While many positive steps have recently been made protect Texans’ property rights, there are still challenges that need to be addressed.

The 82nd Texas Legislature’s SB 18 was the latest attempt by the Texas Legislature to protect private property rights. Most of the provisions of SB 18 were well-founded and will move eminent domain law in the right direction. However, SB 18’s “buy-back” provision—while well intentioned—did not advance the cause.

One of the problems in eminent domain law has been that once a property has been condemned, it can be used for just about any purpose—the condemnor is not required to use it for the purpose it was taken. This would seem to be contrary to the U.S. and Texas constitution’s requirement that property be taken only for a public use. The buy-back provision in SB 18 was supposed to fix this, but instead it will be completely ineffective.

Under SB 18, a condemnor is required to meet two of seven criteria within ten years of the taking that are supposed to demonstrate that the entity has made “actual progress … toward the public use” for which the property was taken. However, the seven criteria that a condemnor must meet to keep the land are so easily achieved that any government entity will be able to keep all the land it takes without ever using one parcel for the use specified in the condemnation proceedings.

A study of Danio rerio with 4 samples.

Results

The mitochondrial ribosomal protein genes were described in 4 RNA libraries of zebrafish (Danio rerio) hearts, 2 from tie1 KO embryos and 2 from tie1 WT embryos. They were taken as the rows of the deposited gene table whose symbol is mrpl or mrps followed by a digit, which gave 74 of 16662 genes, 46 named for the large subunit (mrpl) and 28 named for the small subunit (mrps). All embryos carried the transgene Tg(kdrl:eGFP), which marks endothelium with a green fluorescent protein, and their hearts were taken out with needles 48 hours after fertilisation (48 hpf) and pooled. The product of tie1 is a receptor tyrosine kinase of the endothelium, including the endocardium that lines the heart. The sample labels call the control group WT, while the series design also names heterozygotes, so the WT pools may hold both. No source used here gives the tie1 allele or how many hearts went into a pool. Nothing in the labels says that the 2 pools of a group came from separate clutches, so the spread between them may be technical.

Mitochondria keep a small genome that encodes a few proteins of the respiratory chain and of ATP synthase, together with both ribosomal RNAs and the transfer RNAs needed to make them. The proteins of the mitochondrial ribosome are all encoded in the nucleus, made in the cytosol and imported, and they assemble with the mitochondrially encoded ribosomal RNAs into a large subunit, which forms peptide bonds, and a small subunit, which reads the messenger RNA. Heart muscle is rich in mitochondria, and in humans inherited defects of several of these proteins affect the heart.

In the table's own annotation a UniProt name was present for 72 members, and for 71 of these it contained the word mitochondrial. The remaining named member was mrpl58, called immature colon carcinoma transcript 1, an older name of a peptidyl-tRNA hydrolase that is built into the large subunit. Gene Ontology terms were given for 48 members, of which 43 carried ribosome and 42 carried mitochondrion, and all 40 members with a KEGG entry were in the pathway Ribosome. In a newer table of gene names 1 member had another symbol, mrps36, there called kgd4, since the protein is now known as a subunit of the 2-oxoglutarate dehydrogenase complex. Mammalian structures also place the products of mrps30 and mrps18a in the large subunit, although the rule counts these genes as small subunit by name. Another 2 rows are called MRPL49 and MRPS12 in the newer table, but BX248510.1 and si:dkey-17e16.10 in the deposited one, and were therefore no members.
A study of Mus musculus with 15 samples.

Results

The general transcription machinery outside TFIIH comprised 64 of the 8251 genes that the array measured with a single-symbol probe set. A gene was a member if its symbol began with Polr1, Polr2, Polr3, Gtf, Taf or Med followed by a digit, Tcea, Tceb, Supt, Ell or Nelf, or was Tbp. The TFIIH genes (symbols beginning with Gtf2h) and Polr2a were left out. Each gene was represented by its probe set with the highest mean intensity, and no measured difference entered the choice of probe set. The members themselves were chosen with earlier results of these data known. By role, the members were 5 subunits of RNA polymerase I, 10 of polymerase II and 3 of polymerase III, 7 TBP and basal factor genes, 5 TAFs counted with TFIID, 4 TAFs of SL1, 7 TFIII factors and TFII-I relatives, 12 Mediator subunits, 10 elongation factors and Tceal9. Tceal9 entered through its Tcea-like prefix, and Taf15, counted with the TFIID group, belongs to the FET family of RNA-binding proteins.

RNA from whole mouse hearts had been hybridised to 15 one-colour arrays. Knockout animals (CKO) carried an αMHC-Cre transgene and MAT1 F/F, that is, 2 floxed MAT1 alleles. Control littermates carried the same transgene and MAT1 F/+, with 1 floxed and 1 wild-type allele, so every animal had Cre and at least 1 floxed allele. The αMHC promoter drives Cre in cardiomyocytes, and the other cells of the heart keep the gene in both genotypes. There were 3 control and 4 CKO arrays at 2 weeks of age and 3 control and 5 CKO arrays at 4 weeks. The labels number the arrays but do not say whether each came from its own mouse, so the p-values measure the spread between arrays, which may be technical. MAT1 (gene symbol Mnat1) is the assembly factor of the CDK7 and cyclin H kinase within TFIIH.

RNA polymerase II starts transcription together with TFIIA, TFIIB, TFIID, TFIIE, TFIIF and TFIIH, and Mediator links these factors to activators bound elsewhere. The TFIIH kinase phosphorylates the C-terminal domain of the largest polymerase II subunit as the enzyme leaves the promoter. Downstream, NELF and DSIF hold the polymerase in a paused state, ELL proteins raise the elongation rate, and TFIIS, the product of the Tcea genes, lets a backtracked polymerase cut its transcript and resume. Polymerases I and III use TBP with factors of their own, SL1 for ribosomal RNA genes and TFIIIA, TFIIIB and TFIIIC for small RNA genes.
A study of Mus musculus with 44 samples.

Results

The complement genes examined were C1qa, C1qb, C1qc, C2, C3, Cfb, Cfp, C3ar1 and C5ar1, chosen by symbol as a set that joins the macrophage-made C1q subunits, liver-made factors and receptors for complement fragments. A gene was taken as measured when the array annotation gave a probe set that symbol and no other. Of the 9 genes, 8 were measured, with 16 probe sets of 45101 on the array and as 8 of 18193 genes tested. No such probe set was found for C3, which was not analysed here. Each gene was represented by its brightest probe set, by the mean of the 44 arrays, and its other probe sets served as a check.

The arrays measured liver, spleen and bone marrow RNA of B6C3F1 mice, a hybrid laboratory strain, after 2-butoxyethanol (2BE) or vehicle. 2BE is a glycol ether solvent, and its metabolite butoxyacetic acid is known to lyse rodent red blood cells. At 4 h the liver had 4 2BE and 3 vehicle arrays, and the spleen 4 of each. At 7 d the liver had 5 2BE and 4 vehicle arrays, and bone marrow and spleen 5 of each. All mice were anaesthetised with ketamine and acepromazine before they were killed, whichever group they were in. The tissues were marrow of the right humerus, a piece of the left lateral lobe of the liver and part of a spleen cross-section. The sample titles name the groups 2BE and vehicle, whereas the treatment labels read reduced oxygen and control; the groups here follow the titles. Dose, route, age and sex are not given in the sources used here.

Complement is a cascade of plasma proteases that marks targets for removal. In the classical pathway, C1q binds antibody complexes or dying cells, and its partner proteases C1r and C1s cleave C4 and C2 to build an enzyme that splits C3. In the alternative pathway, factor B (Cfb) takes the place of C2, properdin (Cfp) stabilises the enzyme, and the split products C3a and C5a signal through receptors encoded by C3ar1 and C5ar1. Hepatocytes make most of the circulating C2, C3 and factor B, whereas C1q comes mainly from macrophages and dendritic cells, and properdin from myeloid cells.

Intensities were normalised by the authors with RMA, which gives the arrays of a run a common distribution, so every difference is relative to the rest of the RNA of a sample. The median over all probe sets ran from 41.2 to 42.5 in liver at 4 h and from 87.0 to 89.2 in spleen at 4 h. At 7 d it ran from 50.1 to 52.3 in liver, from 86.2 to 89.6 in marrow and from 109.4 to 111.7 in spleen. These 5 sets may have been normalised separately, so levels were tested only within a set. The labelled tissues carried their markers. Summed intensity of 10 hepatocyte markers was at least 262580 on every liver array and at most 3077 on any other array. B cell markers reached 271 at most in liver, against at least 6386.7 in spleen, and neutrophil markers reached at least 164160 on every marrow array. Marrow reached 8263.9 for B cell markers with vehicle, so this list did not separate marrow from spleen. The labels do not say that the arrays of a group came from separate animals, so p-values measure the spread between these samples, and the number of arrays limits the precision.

For instance, if a city simply acquires two tracts of land then applies for state or federal funds to develop the tracts for the purported public use, the city will have met the criteria. It makes no difference whether or not the city ever gets the funds or the permit. Or another government entity could just meet one criteria such as applying for a federal permit then avoid the second criteria altogether by adopting a resolution stating that it “will not complete more than one action … within 10 years of acquisition of the property.”

To address this situation, the Legislature should grant property owners the right to repurchase their property if the initial use of the property taken from them is not the public use for which the property was acquired.